Analysis by Keith Rankin.[caption id="attachment_7318" align="aligncenter" width="985"] Governments defuse world’s money mountains.[/caption]
This week’s chart looks at private-sector surpluses and public-sector deficits in the global economy.
IMF data for combined world government balances (deficits for most countries most of the time) was available in 2011, and only for the 2000s’ decade. For the 1980s and 1990s, and the 2010s so far, I have used a regression technique.
(First I estimated ‘general government’ balances from 1994 based on the general relationship between combined advanced economies and emerging Asian economies with the global economy. Second, I used these estimates to establish ‘multiple regression’ relationships with USA, UK, Japan and France to extend my estimates for global government balances back to 1980.)
The ‘private sector’ is defined here as every party in the global economy other than governments. Because every deficit transaction must be matched by a surplus transaction elsewhere, the private sector balances are calculated as a simple mirror image of the government balances. I have used the ‘colours of the Spanish flag’ (see my Money, Flow and Debt; Evening Report 25 July 2015), with gold representing accumulations of private sector unspent money and red representing annual accumulations of government liabilities.
The important question is to establish which sector – private or government – behaves in a more autonomous fashion, and which sector largely accommodates to the choices made in the other. Economic neoclassical orthodoxy – the orthodox interpretation of market behaviour – has for a long time assumed that government financial behaviour is autonomous, and that government deficits ‘crowd out’ the private sector, denying the private sector opportunities to ‘grow the economy’ through the investment of its liabilities (ie investment of debt and equity capital).
The chart shows the unmistakable signature of money hoarding in the private sector in years following financial crises, which were also years of high global unemployment: 1982, 1988, 1992, 2001/02, 2008/09. The only alternative explanation is that governments suddenly got very greedy in these years; but, if this was the case, these would be years of very low unemployment, as governments competed with private firms for scarce labour.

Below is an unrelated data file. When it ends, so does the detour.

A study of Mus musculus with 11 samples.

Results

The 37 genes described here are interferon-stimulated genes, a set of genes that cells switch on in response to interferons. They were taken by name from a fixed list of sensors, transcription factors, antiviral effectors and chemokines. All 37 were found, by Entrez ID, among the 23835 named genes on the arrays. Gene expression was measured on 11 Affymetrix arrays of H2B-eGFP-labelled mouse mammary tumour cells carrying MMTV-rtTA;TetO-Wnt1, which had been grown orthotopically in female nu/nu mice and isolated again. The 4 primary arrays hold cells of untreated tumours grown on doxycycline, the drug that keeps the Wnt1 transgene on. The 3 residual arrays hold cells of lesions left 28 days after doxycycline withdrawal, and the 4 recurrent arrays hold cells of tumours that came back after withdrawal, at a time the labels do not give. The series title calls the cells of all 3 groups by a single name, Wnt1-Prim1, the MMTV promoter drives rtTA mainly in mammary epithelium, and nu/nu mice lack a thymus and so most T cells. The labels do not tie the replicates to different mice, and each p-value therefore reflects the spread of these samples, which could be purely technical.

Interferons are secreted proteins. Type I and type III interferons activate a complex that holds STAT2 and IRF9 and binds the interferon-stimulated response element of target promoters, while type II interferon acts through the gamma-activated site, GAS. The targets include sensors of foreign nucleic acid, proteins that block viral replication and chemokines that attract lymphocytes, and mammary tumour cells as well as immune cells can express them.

The most plausible general interpretation is that, for the whole period, financial behaviour in the private sector is largely autonomous – determined by many individual firms and households making decisions informed by their interpretations of the circumstances that they face. It is not plausible to see in this chart a process of private businesses perpetually thwarted by financially rampant governments. Rather, the private sector’s natural mode of operation is to save significantly more than it invests, resulting in the accumulation of ‘hoards of gold’.
Government deficits are a necessary offset to these golden hoards. Government debt is the saviour of liberal capitalism, not its nemesis. Indeed the main cause of unemployment can be understood as the resistance by governments to borrow more from the private sector than it does.
If the world economy (output of goods and services sold) grows at three percent a year, then global government debt-to-GDP levels remain stable, and government deficits cannot be argued (even by the most rabid opponents of government deficit spending) to be a threat to the world economy. Further, this deficit spending by governments generates much of what world economic growth there is, creating both infrastructure and aggregate demand. Without it, the capitalist world economy would collapse.
Both neoliberals – who despise government spending – and others (such as Keynesians) agree that the perfect chart would be zero balances; the most boring chart imaginable. The challenge is to get us – private households and businesses – to spend (including genuine investment spending) our incomes and pay our taxes, allowing the world economy to tick over in a sustainable manner without governments having to borrow very much.
In the chart above, the red is a consequence of the gold. The long-run solution is for us in the private sector to stop accumulating ‘gold’, and allow the government deficits (the red) to fall in consequence.